Pop culture obsessives writing for the pop culture obsessed.
Pop culture obsessives writing for the pop culture obsessed.

R.I.P. Sam Simon, co-creator of The Simpsons

Illustration for article titled R.I.P. Sam Simon, co-creator of The Simpsons

Sam Simon, the longtime TV writer and producer and nine-time Emmy winner best known as one of the co-creators of The Simpsons, died Sunday after a long battle with colorectal cancer, Simpsons showrunner Al Jean has confirmed. He was 59.


Simon began his career as a storyboard artist and writer at the animation house Filmation Studios, where he earned his first onscreen credits on Fat Albert And The Cosby Kids and The New Adventures Of Mighty Mouse And Heckle And Jeckle. By the ’80s, however, he had turned his attention to primetime sitcoms, where he worked as a writer and producer on Cheers, It’s Garry Shandling’s Show, and Taxi. (He also served as showrunner for the first season of Taxi.) In the late ’80s he executive produced The Tracey Ullman Show, a gig that led into his most famous work, co-creating The Simpsons with Matt Groening and James L. Brooks.

Simon left The Simpsons in 1993, but during his time at the show he was involved with many aspects of production, including co-showrunner, character designer, creative consultant, creative supervisor, developer, and writer. Simon co-wrote nine episodes of the show between 1989 and 1992, including “The Telltale Head,” “Two Cars In Every Garage And Three Eyes On Every Fish,” andThe Way We Was,” and wrote “The Raven” segment in the inaugural “Treehouse Of Horror.”

But Simon’s major contribution to The Simpsons was in shaping the show’s sensibility, which Simon said was an attempt to correct the flaws of the animated shows he worked on early in his career. Although he may not have received writing credit for those episodes, he pitched many ideas that were later used on the show, as he did with the “Land Of Chocolate” sequence from “Burns Verkaufen Der Kraftwerk.” Former Simpsons writer Ken Levine has said about Simon, “I’m here to tell you, the real creative force behind The Simpsons was Sam Simon. The tone, the storytelling, the level of humor–that was all developed on Sam’s watch.” Simon retained an executive producer credit after leaving The Simpsons.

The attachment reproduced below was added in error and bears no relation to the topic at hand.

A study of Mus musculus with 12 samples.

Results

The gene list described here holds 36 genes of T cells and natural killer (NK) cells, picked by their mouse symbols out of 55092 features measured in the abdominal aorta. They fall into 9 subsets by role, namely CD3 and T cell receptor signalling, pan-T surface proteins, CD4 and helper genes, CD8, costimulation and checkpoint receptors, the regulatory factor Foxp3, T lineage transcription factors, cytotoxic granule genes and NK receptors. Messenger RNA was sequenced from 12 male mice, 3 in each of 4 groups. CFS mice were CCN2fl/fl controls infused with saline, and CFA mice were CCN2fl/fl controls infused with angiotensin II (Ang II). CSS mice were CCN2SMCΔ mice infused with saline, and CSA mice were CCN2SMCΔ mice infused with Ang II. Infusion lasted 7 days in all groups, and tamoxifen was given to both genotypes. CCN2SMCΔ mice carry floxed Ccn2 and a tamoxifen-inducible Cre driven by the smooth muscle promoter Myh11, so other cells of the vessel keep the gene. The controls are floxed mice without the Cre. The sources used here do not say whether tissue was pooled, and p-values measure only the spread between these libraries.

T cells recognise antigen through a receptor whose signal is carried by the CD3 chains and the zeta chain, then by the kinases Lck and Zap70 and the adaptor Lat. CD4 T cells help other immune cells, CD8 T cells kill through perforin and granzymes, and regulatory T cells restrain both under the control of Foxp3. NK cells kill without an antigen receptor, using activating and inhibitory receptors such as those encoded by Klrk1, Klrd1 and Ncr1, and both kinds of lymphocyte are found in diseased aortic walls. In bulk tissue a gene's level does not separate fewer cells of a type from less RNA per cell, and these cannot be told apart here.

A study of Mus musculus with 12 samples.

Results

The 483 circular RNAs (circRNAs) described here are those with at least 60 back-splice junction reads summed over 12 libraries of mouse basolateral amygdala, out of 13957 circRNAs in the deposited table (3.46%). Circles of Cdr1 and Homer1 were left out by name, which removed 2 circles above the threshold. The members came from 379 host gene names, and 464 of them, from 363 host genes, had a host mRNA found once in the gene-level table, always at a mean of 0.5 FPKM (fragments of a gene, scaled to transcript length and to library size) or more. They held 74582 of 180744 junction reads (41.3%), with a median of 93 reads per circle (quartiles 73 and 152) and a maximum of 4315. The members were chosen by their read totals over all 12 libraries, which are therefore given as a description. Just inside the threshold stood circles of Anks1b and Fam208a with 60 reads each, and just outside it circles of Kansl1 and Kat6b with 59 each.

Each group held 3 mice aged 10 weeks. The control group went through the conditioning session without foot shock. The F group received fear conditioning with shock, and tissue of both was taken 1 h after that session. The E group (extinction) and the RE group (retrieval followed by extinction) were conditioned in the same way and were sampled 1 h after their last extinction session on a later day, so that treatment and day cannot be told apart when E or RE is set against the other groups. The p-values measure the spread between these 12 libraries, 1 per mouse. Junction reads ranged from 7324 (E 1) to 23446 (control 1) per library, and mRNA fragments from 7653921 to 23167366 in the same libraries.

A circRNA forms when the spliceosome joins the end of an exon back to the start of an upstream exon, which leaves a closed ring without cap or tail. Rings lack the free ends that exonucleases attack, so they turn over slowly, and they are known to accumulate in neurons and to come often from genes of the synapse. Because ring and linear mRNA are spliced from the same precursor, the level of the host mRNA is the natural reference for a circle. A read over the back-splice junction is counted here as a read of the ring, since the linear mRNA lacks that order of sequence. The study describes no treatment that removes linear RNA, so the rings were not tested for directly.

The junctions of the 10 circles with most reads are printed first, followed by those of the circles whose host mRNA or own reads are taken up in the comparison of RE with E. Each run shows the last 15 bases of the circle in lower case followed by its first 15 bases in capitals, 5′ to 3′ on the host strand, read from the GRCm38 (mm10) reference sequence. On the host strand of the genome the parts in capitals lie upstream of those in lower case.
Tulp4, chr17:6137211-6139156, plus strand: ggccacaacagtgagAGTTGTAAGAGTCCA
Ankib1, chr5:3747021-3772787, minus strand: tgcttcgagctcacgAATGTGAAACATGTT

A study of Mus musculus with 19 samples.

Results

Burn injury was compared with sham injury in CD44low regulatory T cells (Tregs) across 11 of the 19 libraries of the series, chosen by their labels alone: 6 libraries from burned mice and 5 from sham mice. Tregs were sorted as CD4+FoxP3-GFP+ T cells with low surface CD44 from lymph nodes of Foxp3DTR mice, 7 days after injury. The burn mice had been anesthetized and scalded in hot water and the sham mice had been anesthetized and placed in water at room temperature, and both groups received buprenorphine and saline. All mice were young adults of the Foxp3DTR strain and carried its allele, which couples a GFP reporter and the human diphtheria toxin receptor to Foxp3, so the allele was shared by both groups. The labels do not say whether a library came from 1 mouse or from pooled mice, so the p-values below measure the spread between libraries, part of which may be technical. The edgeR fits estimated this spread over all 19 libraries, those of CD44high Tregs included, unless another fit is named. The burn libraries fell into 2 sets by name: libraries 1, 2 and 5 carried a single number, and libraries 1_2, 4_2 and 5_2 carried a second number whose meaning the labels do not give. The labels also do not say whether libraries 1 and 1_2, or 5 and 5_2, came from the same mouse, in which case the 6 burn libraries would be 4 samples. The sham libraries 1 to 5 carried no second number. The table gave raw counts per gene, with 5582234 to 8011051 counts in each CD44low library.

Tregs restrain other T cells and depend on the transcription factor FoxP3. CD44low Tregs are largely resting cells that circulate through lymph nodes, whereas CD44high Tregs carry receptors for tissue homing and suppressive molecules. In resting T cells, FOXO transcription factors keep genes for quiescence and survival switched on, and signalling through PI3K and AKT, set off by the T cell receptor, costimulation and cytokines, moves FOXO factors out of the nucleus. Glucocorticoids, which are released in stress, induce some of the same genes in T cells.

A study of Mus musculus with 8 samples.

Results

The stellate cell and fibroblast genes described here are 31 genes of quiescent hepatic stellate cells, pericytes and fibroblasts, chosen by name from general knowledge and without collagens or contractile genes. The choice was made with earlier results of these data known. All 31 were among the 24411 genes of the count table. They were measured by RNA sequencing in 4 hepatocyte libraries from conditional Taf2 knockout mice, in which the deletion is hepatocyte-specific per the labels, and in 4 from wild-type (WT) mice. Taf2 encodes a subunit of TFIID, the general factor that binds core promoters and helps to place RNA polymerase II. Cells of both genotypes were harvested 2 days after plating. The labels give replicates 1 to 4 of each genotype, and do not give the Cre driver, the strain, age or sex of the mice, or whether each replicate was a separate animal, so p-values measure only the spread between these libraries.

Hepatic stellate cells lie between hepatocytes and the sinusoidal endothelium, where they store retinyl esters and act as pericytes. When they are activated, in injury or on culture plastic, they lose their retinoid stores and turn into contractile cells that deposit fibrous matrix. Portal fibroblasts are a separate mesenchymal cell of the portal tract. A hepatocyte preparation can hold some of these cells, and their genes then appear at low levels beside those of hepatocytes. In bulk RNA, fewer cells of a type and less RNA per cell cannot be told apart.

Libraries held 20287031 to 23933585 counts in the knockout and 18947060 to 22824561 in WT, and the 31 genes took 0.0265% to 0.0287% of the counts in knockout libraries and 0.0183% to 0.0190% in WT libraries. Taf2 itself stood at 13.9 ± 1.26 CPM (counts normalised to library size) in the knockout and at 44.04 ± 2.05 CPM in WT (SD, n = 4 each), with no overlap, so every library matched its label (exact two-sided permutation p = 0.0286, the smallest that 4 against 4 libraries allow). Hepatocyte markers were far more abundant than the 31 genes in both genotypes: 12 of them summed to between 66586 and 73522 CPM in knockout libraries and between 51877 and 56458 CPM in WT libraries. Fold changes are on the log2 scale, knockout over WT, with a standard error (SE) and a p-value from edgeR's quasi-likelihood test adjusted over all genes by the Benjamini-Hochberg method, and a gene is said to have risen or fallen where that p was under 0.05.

After The Simpsons, Simon co-created the short-lived tennis prodigy sitcom Phenom and worked as a writer and executive producer on the also short-lived The George Carlin Show from 1994-1995. He made a conscious decision to turn away from television after that, although he did serve as a consulting producer on The Drew Carey Show and the IFC comedy Z Rock, as well as directing the odd sitcom episode. But Simon mostly devoted himself to philanthropy through his Sam Simon Foundation, which sponsored a traveling animal surgery clinic as well as providing free meals to the hungry. He also supported PETA, Save The Children, and the marine conservation group Sea Shepherd Conservation Society—which named a ship after him—and after receiving a terminal cancer diagnosis, he announced his intention to donate his entire $100 million fortune to charity after his death.